Don't Let E-mail Zap Your Empolyees' Productivity
The typical at-desk employee in the workplace loses 2.1 hours of productivity every day to interruptions and distractions, reports Basex, an IT research and consulting firm.
Those interruptions come from e-mail alerts, instant messages, cell phones and handheld devices that constantly buzz.
The typical employee also checks e-mail 50 times a day. Each time, the employee gets sidetracked, and their attention span suffers. Productivity drops. Thinking time decreases.
As a leader in the workplace, work with your employees to manage e-mails and to lessen daily interruptions. Try these techniques:
- Turn off all visual and sound alerts that announce new e-mail.
- Check e-mail at designated times during the day. Attempt to not check e-mail more often than every 45 minutes.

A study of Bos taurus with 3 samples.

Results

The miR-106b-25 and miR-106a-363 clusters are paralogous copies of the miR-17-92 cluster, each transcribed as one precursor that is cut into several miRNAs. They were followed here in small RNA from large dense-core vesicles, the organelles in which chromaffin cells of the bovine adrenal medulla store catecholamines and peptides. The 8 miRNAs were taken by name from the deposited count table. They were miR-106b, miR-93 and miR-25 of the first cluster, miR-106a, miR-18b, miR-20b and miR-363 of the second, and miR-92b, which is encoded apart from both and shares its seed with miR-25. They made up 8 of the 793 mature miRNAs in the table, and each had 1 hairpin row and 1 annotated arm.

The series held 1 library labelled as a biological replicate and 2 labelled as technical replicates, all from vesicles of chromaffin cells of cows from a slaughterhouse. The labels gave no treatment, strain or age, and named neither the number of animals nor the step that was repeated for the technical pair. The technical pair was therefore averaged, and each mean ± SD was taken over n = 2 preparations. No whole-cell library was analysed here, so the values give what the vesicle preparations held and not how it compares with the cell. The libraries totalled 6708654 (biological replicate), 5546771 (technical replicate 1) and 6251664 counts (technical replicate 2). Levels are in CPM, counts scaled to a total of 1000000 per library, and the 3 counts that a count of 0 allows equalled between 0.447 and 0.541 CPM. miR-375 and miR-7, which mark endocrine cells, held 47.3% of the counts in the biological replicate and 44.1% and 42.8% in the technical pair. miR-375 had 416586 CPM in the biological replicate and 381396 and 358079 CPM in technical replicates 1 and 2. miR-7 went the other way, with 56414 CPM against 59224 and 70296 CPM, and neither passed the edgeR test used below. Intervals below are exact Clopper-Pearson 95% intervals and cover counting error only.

- Whenever possible, communicate by phone or face-to-face. This can actually save time and helps to build relationships, which suffer when e-mail is a workplace's predominant mode of communication.
- Resist using the reply-all function.
- Don't send e-mails to simply say "Thanks."
- Let co-workers know in advance that you reply to non-urgent messages within a day's time. Make responding to your external customers and clients your priority when responding.
- When sending a message be concise and to the point from the very beginning. Preempt questions in your original e-mail.
- Don't use the request delivery confirmation and read receipt options.
- Use the cc: field sparingly.
- Use the "out of office' feature to inform co-workers you are working on a project and are working on a deadline and will respond at a certain time.
- Use the "high priority" option only when the topic is critical.
- Use a meaningful subject line for your e-mail to make it easy for co-workers to find and reference the e-mail at a later date.
- Don't use long sentences. Use bullet points and helpful formatting to make reading your e-mails easy to digest.
- Experiment with internal "no e-mail Fridays." Companies, such as U.S. Cellular and Deloitte & Touche have successfully done this experiment.